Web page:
Mrs. Russellite sends an invitation to Mr. Rogers so he can see her lampshade collection at her home. Lady Elaine's changes to the geography of the Neighborhood of Make-Believe worry King Friday, who...
Shari Lewis lives with Lamb Chop, Hush Puppy, and Charlie Horse (all of which she performs as) and they get into all sorts of adventures, as well as Betcha tricks, Knock-Knock Joke segments... See full summary »
"Mister Rogers' Neighborhood" was among the most famous, longest-lasting and fondly-remembered children's television shows. Host Fred Rogers (known to millions as simply "Mister Rogers") used his gentle charm and mannerisms to communicate with his audience of children. Topics centered on nearly every inconceivable matter of concern to children, ranging from everyday fears related to going to sleep, getting immunizations and disappointment about not getting one's way to losing a loved one to death and physical handicaps. Rogers used simple songs and, on nearly every show, segments from the Neighborhood of Make-Believe to make his point. A scale-model trolley was often (but not always) used to segue into the Make-Believe segments, said neighborhood being inhabited by puppet characters including King Friday XIII, Lady Elaine Fairchild and Daniel Striped Tiger. Frequent visitors as well as Rogers' own frequent visits to various places in the neighborhood rounded out each show. The program... Written by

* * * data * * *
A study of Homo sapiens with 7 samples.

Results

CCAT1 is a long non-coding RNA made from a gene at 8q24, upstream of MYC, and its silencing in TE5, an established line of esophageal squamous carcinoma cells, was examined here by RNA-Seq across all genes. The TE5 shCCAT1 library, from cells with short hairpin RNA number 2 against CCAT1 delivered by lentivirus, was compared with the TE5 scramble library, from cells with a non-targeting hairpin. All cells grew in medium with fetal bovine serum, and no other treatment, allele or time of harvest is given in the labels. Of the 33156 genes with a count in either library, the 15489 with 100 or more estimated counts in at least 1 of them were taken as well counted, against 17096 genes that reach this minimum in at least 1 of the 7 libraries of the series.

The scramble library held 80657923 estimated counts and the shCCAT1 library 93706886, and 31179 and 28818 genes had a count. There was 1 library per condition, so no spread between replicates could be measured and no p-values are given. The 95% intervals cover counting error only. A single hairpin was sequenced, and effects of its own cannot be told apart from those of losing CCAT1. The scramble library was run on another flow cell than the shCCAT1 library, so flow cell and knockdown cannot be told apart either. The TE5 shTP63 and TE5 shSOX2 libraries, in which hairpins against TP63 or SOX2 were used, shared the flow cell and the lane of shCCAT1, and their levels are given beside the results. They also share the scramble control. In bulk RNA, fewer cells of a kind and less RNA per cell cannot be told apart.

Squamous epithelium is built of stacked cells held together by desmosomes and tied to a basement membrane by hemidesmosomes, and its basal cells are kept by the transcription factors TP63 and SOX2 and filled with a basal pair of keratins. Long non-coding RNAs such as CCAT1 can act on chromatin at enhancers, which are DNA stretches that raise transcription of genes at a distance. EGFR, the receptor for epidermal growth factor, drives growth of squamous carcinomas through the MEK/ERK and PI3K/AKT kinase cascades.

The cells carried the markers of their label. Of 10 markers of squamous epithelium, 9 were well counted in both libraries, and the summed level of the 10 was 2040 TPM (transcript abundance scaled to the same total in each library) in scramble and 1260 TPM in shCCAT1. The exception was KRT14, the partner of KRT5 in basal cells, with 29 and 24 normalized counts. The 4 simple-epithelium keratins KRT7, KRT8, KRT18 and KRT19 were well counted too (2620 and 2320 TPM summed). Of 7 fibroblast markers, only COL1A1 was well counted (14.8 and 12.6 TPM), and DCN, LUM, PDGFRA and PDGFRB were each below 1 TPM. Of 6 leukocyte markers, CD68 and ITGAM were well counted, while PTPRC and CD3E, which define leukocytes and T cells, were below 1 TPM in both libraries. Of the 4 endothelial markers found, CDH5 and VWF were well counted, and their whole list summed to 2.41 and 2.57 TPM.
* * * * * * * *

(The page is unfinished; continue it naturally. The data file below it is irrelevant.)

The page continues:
Brian Rathjen <firstname.lastname@example.org>
Episodes #1215 and #1508 are the only two occasions in the show's entire run in which Audrey Roth's real name is spoken by Fred Rogers. She is otherwise referred to as "Audrey" or "Audrey Cleans Everything" and, in the Neighborhood of Make-Believe, "Miss Audrey Paulifficate." See more »
In the 1979-1981 episodes when Mr. Rogers takes his sweater and closes the closet door, he'd often close it too fast so it came open a ways, but then the closet door begins to close on it's own, as if someone were behind the door pulling it closed. See more »
You know, growing means when you're a baby and you're angry, all you can do is scream and kick. That's all. But when you get a little older, you can say that you're angry. You can stomp around and make up a dance, or pound some clay and make things out of clay, and sing a song or write a poem. That's what it means to grow. I'm proud of the way you're growing and changing.
Mr. Rogers did what few artists have done in the history of mankind - strengthened and supported his audience so profoundly and so generously that he became a transformative force in their lives. I feel fortunate to have learned from him. In all too many homes, Mr. Rogers was and is the only voice of understanding, gentleness and positive reinforcement. Imagine how different our world would be if more young people could be exposed to his philosophy of acceptance and love.
There are so many children who never hear their parents say the words "I love you" - not once, not ever. And then they hear Mr. Rogers sing of all the ways people say "I love you," like "the cooking way" and "the eating way," and it's a comfort and reassurance beyond words. No other public figure provides this kind of life-changing insight to the people most in need.
On behalf of everyone you helped, of all the souls you touched in a badly damaged world, Mr. Rogers - we thank you, and we love you.